Finance meeting continues with focus on education for children
Sunday, April 21st 2002, 12:00 am
By: News On 6
WASHINGTON (AP) _ Finance ministers from around the world focused on problems facing the estimated 1 billion people who live in poverty as their weekend of negotiations, debate and party-going drew to a close.
World Bank President James Wolfensohn planned to announce a new development compact Sunday for education to get all children into primary school by 2015. Some 125 million children, many of them in the world's poorest nations, don't go to school, two thirds of them girls.
``There is a growing understanding that education is the number one priority,'' facing poor countries Wolfensohn said before the meeting of the bank's policy-setting 24-member Development Committee.
He said the education compact would start with a pilot projects in 10 countries yet to be named and then extend to other nations based on lessons learned.
The meeting of the bank's steering committee followed Saturday's session of the International Monetary Fund's policy-making group and separate talks bringing together ministers and central bank governors from the Group of Seven major industrialized nations.
The G-7 officials agreed to intensify efforts to combat terrorist financing and also adopted a plan to better deal with international debt crises.
Finance officials acknowledged that rising oil prices and Argentina's economic woes threaten the fledgling global recovery. But they expressed confidence that the world's economy was on the mend following a U.S. recession and the Sept. 11 attacks.
``Economic recovery from the slowdown is under way,'' finance ministers and central bank presidents from the seven wealthiest countries said in a joint statement after the discussions among the United States, Japan, Germany, France, Britain, Italy and Canada.
The IMF told Argentina, facing a deepening financial crisis, it had to make greater efforts to overhaul its economy and rein in spending by its provinces.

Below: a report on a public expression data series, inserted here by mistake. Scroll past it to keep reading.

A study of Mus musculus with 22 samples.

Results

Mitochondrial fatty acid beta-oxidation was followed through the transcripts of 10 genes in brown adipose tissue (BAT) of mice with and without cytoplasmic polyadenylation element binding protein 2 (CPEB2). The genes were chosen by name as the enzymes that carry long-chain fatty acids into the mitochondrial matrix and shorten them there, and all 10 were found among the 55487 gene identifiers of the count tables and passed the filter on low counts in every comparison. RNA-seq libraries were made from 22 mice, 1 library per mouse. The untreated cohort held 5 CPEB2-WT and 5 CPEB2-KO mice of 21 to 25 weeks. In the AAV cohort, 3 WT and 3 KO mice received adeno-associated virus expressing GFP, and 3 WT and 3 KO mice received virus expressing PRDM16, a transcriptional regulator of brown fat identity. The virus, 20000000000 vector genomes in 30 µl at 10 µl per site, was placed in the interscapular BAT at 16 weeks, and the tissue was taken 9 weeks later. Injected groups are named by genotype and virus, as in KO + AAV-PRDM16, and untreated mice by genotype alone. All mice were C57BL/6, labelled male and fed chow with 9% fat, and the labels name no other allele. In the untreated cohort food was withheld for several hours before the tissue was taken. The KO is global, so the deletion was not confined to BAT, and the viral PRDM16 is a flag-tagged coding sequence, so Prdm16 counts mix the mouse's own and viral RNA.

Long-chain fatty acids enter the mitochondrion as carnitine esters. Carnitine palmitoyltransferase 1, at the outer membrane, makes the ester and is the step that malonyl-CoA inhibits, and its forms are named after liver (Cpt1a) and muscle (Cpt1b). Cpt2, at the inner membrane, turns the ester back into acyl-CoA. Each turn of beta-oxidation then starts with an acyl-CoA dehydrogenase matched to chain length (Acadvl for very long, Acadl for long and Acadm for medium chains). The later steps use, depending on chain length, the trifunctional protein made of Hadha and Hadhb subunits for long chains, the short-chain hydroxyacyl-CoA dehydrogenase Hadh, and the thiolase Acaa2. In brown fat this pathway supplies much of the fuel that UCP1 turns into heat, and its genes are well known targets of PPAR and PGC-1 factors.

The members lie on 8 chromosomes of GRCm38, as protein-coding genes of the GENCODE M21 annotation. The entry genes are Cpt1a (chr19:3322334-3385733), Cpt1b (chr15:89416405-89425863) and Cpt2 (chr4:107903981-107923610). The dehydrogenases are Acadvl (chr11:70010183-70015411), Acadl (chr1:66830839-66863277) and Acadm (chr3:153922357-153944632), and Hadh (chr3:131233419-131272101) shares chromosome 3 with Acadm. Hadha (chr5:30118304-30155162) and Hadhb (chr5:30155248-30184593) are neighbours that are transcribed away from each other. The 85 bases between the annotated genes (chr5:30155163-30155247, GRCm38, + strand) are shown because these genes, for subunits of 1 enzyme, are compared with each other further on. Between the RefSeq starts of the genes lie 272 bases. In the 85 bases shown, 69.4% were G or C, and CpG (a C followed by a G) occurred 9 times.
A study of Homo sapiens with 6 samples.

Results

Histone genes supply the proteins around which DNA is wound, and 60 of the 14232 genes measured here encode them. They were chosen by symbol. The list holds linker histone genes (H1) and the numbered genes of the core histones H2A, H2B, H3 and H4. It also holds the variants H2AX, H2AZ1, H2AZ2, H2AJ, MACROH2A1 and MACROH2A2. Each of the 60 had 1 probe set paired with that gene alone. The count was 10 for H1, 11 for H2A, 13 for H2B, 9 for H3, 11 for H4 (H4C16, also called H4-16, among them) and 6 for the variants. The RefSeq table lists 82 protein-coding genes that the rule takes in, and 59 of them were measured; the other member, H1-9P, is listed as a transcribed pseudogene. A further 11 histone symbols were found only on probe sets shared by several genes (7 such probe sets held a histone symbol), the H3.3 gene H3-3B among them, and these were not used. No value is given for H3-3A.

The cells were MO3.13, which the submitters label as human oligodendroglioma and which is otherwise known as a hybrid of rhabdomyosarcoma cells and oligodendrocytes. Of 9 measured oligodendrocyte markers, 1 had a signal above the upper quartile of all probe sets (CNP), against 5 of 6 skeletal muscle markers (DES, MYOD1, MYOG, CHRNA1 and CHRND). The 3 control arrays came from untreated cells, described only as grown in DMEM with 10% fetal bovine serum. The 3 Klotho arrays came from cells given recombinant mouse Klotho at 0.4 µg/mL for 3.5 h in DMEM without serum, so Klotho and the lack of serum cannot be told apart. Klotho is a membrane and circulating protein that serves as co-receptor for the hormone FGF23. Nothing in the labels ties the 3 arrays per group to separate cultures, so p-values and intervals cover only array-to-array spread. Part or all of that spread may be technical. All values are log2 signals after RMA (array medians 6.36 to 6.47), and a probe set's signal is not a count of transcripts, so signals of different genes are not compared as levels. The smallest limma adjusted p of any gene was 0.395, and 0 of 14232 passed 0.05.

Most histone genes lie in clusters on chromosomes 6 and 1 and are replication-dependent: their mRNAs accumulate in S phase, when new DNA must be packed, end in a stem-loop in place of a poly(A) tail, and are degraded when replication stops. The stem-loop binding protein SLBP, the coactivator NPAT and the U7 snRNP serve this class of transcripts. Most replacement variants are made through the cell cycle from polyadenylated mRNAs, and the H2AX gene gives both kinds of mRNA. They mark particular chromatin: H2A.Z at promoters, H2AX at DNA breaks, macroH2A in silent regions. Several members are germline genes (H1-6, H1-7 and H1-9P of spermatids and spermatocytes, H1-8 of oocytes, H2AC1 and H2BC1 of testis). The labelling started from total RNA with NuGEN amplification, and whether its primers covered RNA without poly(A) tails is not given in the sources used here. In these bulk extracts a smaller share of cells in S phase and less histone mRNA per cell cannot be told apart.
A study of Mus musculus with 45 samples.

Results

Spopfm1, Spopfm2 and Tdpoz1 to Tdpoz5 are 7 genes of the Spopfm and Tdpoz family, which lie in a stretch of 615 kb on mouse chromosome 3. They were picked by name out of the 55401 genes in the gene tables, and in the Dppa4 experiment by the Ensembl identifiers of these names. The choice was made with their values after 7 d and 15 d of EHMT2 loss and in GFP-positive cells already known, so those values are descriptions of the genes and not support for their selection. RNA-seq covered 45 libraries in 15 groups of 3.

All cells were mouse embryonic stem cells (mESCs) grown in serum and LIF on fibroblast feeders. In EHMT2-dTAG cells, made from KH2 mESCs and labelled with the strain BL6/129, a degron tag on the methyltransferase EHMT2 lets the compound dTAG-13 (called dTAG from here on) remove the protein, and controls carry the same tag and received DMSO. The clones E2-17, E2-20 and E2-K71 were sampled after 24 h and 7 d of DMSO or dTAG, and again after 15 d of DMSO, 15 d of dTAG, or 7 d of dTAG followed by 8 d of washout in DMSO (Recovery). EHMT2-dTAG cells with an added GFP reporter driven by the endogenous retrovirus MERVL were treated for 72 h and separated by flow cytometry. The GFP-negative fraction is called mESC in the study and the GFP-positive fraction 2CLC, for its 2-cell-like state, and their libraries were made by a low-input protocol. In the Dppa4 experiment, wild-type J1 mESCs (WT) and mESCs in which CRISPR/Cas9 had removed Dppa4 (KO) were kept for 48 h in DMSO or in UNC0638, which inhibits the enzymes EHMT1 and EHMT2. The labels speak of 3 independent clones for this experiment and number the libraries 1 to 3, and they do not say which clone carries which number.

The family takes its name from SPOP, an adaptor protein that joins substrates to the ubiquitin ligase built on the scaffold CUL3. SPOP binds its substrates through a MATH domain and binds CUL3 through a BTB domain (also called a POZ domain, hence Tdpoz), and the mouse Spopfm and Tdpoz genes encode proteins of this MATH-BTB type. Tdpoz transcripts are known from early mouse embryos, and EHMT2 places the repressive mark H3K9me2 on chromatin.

IMF Managing Director Horst Koehler told a news conference Saturday night that he expected the IMF would not be ready to send a team to Argentina to negotiate new loans until probably mid-May.
Published reports said Argentina is seeking $9 billion in new loans to stabilize its finances. The country closed its banks on Friday to halt a further drain on deposits.
While the ministers met, protesters who have long complained that the IMF and World Bank have not done enough to alleviate poverty turned out for a series of demonstrations. They made no effort to block access to the meeting sites, which were heavily guarded by police whose riot gear was at the ready.
As police helicopters hovered overhead, Treasury Secretary Paul O'Neill, who hosted the G-7 meeting with Federal Reserve Chairman Alan Greenspan said the group still was split on one major U.S. initiative _ increasing World Bank aid to the world's poorest countries in the form of grants. Virtually all World Bank assistance now comes through loans that have to be repaid.
European countries said a reliance on grants would deplete World Bank resources unless wealthy nations agreed to significant increases in their contributions.
The battle against poverty, which is seen as a breeding ground for terrorism, has gained new urgency among the wealthy nations since Sept. 11.
The finance officials also called on the IMF and World Bank to make assessments of their member countries' efforts to crack down on money laundering and terrorist financing a part of their regular economic reviews.